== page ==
As graduation bells ring across the country, high school seniors may be cheering, but so may juniors after learning that two more colleges dropped SAT and ACT testing requirements for admission this week.
About 750 schools are now “test optional.” The latest schools to drop the tests as necessary for admission are Smith College and Wake Forest University. U.S. News & World Report ranks Wake Forest as the 30th best university in the country, and Smith as the 17th best liberal arts college, so we’re not talking obscure institutions here. So far, though, most schools that have dropped SAT and ACT have been smaller outfits. The University of California schools considered dropping the tests in 2001 but in the end did not.
Why are schools dropping the tests?
In 2006 American students posted the lowest average score on the SAT in 31 years.
The scores dropped again in 2007. The College Board, which administers the test, says the drop in scores was due to changes in test-taking habits, but there has been much debate through the years over whether these tests truly predict academic success – and hence if colleges and universities should use them as a benchmark for admission.
Others question the fairness of the test, saying that some students are at an inherent disadvantage because of their background—income level, parents’ education, quality of high school, etc. Wake Forest says they hope to attract a broader pool of applicants by eliminating the tests.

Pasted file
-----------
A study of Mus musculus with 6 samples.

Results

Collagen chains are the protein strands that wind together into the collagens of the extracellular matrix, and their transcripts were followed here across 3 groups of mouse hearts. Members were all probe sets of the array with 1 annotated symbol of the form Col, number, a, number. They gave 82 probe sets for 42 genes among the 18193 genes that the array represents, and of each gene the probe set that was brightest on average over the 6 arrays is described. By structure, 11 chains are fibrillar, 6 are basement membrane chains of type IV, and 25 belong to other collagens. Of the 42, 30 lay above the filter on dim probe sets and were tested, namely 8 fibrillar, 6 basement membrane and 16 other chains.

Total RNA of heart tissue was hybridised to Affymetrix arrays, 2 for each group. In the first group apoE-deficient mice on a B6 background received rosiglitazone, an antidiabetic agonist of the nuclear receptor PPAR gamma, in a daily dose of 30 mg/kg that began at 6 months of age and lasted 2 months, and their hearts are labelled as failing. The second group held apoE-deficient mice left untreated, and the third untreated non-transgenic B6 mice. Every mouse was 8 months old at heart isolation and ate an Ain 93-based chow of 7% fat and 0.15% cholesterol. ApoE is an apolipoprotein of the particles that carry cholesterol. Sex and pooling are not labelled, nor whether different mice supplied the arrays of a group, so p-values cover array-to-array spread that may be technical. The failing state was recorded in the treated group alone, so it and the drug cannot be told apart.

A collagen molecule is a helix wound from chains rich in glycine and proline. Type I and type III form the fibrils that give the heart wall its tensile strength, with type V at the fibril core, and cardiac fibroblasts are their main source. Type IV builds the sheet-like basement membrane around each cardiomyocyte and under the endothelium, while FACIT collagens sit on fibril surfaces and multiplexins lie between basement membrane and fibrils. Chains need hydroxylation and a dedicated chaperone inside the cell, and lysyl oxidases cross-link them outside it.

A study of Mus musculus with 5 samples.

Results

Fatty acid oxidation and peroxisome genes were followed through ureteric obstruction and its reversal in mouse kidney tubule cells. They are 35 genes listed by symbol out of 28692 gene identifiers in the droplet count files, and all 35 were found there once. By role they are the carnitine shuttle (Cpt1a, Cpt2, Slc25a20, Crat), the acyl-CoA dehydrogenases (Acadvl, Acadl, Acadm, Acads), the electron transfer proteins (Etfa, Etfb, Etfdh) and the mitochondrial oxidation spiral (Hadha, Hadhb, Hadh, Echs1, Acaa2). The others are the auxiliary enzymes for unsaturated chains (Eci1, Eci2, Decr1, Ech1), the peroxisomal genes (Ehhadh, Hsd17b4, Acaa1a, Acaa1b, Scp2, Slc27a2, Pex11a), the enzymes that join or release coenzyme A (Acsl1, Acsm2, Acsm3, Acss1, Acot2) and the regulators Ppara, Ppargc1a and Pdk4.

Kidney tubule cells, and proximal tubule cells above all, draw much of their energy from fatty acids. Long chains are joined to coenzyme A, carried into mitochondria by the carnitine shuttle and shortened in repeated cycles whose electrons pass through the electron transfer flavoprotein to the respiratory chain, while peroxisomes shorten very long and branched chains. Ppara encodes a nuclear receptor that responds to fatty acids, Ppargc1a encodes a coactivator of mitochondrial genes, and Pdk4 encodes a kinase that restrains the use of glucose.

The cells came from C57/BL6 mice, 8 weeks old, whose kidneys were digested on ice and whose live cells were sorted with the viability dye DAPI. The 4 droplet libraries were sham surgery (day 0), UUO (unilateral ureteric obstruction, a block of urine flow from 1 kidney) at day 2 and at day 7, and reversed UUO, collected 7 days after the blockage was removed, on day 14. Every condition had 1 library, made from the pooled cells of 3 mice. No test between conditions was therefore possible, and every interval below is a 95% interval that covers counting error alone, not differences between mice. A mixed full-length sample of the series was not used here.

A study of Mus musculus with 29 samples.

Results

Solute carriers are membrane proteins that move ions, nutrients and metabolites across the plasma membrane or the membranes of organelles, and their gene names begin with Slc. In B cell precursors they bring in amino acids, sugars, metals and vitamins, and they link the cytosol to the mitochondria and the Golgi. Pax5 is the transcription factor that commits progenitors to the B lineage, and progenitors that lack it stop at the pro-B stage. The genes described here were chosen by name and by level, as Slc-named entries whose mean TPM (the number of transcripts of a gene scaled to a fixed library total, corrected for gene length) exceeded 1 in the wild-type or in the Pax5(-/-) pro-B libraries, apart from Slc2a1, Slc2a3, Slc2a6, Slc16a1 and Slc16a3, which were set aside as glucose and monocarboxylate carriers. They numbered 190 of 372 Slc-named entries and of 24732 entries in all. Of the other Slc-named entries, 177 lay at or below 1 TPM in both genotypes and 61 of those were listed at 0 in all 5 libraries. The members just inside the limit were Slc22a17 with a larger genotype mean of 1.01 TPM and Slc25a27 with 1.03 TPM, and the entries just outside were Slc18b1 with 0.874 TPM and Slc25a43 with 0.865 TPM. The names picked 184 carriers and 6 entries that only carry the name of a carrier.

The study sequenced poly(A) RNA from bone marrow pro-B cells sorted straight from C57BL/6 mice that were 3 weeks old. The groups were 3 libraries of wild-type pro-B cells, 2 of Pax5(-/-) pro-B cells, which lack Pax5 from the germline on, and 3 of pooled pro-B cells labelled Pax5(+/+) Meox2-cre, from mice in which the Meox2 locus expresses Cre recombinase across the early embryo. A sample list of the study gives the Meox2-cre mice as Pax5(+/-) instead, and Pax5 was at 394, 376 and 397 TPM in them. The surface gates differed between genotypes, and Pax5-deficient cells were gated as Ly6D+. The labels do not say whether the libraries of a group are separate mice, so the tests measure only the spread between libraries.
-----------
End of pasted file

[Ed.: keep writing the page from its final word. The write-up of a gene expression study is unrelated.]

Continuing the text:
U.S. college graduate statistics
- Just 30% of U.S. adults over the age of 25 say they have a bachelor’s degree
- College graduates make about $25,000 more annually than those with high school diplomas
- 33% of women 25-29 years old had earned a BA in 2007 vs 26% of men
The big pictureWe don’t know yet whether this is the start of a trend. While some students may opt not to take the SAT, others are agonizing over whether to take both it and the ACT, to give them a leg up. Interestingly, another education issue came under scrutiny this week—President Bush’s No Child Left Behind Act, which imposes sanctions on schools that fail to meet certain performance standards. In a speech in Colorado, Barack Obama outlined plans to revamp the program while McCain sees its Merits (read about their stances here). Bottom line, test or no test, getting more kids into college is important, and so is improving their education along the way.